Israel to defend military actions in Gaza at International Criminal Court

Top Netanyahu adviser says Jerusalem plans to fight South Africa petition for interim order demanding immediate suspension of Gaza hostilities
In an unprecedented move, Israel plans to present its case at the International Criminal Court in The Hague, aiming to dismiss South Africa's petition for an interim order demanding the immediate suspension of Israeli military actions in Gaza, National Security Adviser Tzachi Hanegbi told Ynet on Monday.
בית הדין לצדק בהאג
International Criminal Court; Prime Minister Benjamin Netanyahu
(Photo: AP /Peter Dejong, Alex Kolomoisky)
South Africa claims that Israel's actions constitute "genocide in nature," thereby violating its commitment under the Genocide Convention.
"The Jewish people have experienced genocide more profoundly than any other nation," Hanegbi said, "with six million of our people brutally slaughtered. A similar cruelty was inflicted on Israeli citizens in the massacre of October 7, but this time we have the capability to defend ourselves against those seeking our destruction. The absurd petition against the right of the victim to self-defense is disgraceful, and we expect all civilized nations to stand with our determination."
The decision from the discussions is that Israel will attend the hearing for an interim order, usually scheduled one to one and a half months after submission, to contest South Africa's claim. The hearings regarding the claim may extend over four to six years. Israel's immediate focus, however, is on preventing an interim order that might force a cease-fire in Gaza.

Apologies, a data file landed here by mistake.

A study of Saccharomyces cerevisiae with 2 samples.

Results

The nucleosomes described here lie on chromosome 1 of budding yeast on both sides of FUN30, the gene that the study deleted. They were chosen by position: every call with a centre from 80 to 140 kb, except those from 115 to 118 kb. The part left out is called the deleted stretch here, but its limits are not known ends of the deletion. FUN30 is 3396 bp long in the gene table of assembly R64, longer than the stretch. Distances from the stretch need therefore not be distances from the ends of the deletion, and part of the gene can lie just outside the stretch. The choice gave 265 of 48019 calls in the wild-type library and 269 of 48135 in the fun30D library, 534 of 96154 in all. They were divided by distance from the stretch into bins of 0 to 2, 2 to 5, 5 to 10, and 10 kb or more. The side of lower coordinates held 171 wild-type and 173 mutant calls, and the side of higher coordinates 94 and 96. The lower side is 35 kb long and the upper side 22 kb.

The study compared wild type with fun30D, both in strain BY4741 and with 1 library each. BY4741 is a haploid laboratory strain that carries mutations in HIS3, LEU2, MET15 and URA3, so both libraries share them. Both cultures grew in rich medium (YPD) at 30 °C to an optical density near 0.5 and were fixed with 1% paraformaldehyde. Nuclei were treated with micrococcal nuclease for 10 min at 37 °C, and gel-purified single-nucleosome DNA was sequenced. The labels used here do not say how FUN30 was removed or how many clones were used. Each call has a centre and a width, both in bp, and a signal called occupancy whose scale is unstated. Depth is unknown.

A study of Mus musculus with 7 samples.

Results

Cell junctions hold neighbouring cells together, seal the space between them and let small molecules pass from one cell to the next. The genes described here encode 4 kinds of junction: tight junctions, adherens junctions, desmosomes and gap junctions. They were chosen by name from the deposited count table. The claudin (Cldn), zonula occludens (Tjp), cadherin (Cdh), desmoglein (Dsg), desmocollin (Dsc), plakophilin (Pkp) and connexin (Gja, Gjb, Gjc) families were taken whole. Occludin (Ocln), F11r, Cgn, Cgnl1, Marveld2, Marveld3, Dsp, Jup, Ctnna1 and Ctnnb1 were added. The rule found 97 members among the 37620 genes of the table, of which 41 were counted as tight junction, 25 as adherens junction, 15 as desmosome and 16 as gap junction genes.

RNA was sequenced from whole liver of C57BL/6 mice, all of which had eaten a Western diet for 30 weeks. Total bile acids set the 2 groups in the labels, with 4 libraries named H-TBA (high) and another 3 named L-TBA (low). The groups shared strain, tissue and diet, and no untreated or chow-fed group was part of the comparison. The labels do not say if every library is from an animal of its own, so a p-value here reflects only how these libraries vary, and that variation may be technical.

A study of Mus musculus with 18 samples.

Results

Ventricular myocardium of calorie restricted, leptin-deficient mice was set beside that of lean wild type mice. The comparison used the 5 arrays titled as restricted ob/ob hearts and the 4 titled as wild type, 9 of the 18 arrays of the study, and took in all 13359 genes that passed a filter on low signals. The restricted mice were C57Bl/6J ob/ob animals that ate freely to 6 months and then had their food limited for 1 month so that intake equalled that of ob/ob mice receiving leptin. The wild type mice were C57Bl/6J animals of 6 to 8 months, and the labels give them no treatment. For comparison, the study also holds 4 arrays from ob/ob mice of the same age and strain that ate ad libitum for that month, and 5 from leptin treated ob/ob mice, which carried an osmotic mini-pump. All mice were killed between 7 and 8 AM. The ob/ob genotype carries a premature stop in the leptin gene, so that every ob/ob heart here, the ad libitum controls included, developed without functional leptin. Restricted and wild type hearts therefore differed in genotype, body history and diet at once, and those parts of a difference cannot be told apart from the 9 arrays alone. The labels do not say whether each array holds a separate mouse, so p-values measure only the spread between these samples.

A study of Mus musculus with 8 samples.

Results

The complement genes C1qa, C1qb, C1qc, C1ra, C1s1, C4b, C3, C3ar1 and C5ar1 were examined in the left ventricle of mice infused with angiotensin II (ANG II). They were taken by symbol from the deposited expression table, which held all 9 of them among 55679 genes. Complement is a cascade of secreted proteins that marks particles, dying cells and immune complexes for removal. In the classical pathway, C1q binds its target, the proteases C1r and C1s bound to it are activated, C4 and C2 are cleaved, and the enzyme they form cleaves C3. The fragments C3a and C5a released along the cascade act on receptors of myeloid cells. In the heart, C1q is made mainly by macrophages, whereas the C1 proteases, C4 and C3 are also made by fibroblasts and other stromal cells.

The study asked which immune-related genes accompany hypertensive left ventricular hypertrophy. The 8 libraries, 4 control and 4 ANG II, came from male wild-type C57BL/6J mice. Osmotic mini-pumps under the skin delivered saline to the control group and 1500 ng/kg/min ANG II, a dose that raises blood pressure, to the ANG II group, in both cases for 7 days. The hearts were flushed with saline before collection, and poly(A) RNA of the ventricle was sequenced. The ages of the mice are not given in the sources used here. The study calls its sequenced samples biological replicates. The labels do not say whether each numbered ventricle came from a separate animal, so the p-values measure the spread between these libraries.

הצהרתו של ראש המל"ל צחי הנגבי
National Security Adviser Tzachi Hanegbi
(Photo: GPO)
Israel also plans to employ diplomatic pressure to rally support against South Africa and its initiative. Israel has substantial legal arguments to dismiss South Africa's claim, one being the lack of dispute in international forums that Israel committed genocide in Gaza. Even South Africa has not previously made such a claim, and Israel has not had to respond to such an accusation. It is still unclear which Israeli representative will appear before the court, whether it will be a diplomat, a lawyer or another high-ranking Israeli official.
Israel was informed of the lawsuit last Friday. South Africa, known as one of the Palestinians' staunchest supporters in the international community, has consistently criticized Israel, often drawing parallels between the Palestinian struggle and the black resistance against the apartheid regime in the previous century.
נשיא דרום אפריקה סיריל רמפוזה
South African President Cyril Ramaphosa
(Photo: AP)
In 2018, South Africa recalled its ambassador from Israel and has not appointed a successor since. Last month, in response to the attacks in Gaza, South Africa withdrew all its diplomats and announced a reevaluation of its diplomatic ties with Israel.
Amid escalating tensions between the nations, Jerusalem's Foreign Ministry recalled its ambassador to South Africa for discussions. The action protests recent severe remarks from top South African figures, notably President Cyril Ramaphosa, who accused Israel of perpetrating genocide in Gaza. Ramaphosa, seeking an investigation by The Hague's International Court into alleged Israeli "war crimes and crimes against humanity," declared Gaza "a concentration camp."